Individuals who were underweight at birth are at increased risk of developing a condition called secondary focal segmental glomerulosclerosis, according to a study appearing in the January 2009 issue of the Clinical Journal of the American Society Nephrology (CJASN). Because birth history is often overlooked by kidney specialists who take care of adult patients, this risk factor is likely to be under-recognized.

Patients with focal segmental glomerulosclerosis develop scarring of glomeruli, the filtering units of the kidney. This development can cause a decline in kidney function and leakage of protein into the urine.

Low birth weight (less than 5.5 pounds) caused by prematurity or slow growth prior to birth is a risk factor for adult hypertension, coronary heart disease, stroke, diabetes, and other diseases. However, its association with the development of focal segmental glomerulosclerosis has not been reported.

To investigate this potential link, Vivette D'Agati, MD, of the Columbia University College of Physicians & Surgeons in New York City, NY, and her colleagues studied six patients (two women and four men) who had clinical indications of this condition and who were born prematurely and of a very low birth weight. The patients' average age was 32 years, and their average birth weight was 3.3 pounds. They all were born between 22 and 30 weeks of gestation, compared with full-term babies who are born between 37 and 42 weeks.

The researchers performed urine tests that measured whether protein was leaking into the urine and blood tests that indicated how well the patients' kidneys were functioning. They also biopsied the patients' kidneys to analyze the tissue. All of their measurements and tests indicated that the patients had developed focal segmental glomerulosclerosis.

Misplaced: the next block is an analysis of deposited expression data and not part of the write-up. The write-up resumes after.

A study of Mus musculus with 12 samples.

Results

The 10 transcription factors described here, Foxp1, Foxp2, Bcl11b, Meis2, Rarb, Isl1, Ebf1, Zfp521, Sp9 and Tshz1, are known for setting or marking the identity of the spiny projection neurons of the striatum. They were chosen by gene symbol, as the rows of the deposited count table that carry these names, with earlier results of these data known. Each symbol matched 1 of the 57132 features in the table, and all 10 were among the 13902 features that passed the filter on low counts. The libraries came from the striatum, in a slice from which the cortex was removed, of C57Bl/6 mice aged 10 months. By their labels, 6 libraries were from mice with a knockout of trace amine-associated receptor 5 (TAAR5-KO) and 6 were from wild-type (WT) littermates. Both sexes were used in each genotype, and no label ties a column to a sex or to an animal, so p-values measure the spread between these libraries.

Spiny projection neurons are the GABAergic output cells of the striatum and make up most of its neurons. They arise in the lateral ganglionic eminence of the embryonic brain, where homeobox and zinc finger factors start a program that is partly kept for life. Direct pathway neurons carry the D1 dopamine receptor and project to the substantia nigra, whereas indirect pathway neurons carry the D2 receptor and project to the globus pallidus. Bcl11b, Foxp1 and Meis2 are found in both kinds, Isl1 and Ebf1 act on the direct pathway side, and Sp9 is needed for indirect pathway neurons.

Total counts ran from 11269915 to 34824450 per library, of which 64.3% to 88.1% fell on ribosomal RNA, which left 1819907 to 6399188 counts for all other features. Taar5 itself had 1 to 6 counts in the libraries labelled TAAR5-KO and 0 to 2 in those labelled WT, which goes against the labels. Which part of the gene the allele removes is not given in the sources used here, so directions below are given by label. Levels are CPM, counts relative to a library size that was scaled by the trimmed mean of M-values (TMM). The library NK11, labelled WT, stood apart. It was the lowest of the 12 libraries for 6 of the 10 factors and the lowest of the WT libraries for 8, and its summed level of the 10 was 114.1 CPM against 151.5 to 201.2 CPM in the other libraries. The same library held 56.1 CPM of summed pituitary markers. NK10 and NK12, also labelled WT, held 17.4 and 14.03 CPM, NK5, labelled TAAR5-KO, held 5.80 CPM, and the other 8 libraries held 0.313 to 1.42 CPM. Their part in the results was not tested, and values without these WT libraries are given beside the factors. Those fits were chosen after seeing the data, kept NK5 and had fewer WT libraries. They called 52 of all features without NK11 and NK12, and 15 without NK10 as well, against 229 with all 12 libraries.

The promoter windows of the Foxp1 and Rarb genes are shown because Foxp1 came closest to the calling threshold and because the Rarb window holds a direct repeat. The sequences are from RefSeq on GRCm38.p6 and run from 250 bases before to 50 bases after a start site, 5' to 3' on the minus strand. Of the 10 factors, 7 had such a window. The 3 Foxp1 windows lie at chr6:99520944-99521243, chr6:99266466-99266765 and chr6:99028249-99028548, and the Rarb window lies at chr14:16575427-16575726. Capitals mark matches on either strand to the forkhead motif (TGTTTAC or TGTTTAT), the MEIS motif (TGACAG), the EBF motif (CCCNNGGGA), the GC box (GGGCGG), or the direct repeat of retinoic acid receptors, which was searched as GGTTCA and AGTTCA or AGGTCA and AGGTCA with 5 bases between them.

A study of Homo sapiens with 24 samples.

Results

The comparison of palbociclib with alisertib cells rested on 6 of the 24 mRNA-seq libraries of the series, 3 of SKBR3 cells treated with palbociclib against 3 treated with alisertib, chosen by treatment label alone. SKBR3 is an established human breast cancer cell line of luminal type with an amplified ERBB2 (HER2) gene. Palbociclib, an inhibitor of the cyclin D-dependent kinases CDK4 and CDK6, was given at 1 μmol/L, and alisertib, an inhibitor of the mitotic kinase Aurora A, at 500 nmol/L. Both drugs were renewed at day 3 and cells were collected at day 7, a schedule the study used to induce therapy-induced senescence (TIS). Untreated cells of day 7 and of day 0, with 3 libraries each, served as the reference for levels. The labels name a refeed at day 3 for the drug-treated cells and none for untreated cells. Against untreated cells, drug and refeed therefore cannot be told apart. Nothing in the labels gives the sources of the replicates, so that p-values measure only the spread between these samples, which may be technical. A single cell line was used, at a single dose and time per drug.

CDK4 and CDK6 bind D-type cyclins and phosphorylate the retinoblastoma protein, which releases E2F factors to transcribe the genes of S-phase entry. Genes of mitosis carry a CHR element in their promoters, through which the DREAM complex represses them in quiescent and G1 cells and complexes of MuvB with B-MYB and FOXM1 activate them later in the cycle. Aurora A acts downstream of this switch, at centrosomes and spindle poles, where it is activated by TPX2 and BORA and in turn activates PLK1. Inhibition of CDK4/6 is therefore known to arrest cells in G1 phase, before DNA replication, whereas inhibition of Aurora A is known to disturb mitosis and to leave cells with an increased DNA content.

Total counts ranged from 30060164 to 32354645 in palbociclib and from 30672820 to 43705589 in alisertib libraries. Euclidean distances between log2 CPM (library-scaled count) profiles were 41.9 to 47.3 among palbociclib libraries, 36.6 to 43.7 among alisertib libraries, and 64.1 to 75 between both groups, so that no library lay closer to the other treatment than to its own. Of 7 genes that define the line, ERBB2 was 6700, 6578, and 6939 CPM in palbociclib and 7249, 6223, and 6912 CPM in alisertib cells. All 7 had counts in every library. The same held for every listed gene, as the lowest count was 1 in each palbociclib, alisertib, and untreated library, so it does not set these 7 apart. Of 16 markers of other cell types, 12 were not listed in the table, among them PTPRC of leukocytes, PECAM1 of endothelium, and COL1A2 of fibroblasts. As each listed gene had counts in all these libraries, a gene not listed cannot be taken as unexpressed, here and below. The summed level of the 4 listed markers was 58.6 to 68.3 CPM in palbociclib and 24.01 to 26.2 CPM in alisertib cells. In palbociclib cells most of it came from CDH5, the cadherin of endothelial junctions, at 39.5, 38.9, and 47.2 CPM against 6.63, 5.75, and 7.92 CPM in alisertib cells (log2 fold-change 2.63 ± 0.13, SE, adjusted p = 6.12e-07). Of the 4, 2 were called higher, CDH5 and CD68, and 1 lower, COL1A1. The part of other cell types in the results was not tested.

The authors noted that because new nephrons the filtering structures of the kidney are not formed after birth, an individual's supply of nephrons is dependent on the environment in the uterus prior to birth and the extent of a fetus' growth and development. If an individual is born with a deficiency of nephrons, their kidneys may become strained, which can lead to declines in kidney function over time. This may be the scenario for individuals who were born prematurely and who go on to develop focal segmental glomerulosclerosis.

"Premature babies with very low birth weights may develop renal disease in adolescence or adulthood that is a consequence of retarded kidney development and overwork of the kidney," said Dr. D'Agati. "Doctors need to be aware of this association so that the condition is not misdiagnosed or treated inappropriately," she added.

The article, entitled "Very Low Birth Weight is a Risk Factor for Secondary Focal Segmental Glomerulosclerosis," will appear online at cjasn.asnjournals on November 19, 2008, and in the January 2009 print issue of CJASN.

ASN is a not-for-profit organization of 11,000 physicians and scientists dedicated to the study of nephrology and committed to providing a forum for the promulgation of information regarding the latest research and clinical findings on kidney diseases. ASN publishes the Journal of the American Society of Nephrology (JASN), CJASN, and the Nephrology Self-Assessment Program (NephSAP). In January 2009, the Society will launch ASN Kidney News, a newsmagazine for nephrologists, scientists, allied health professionals, and staff.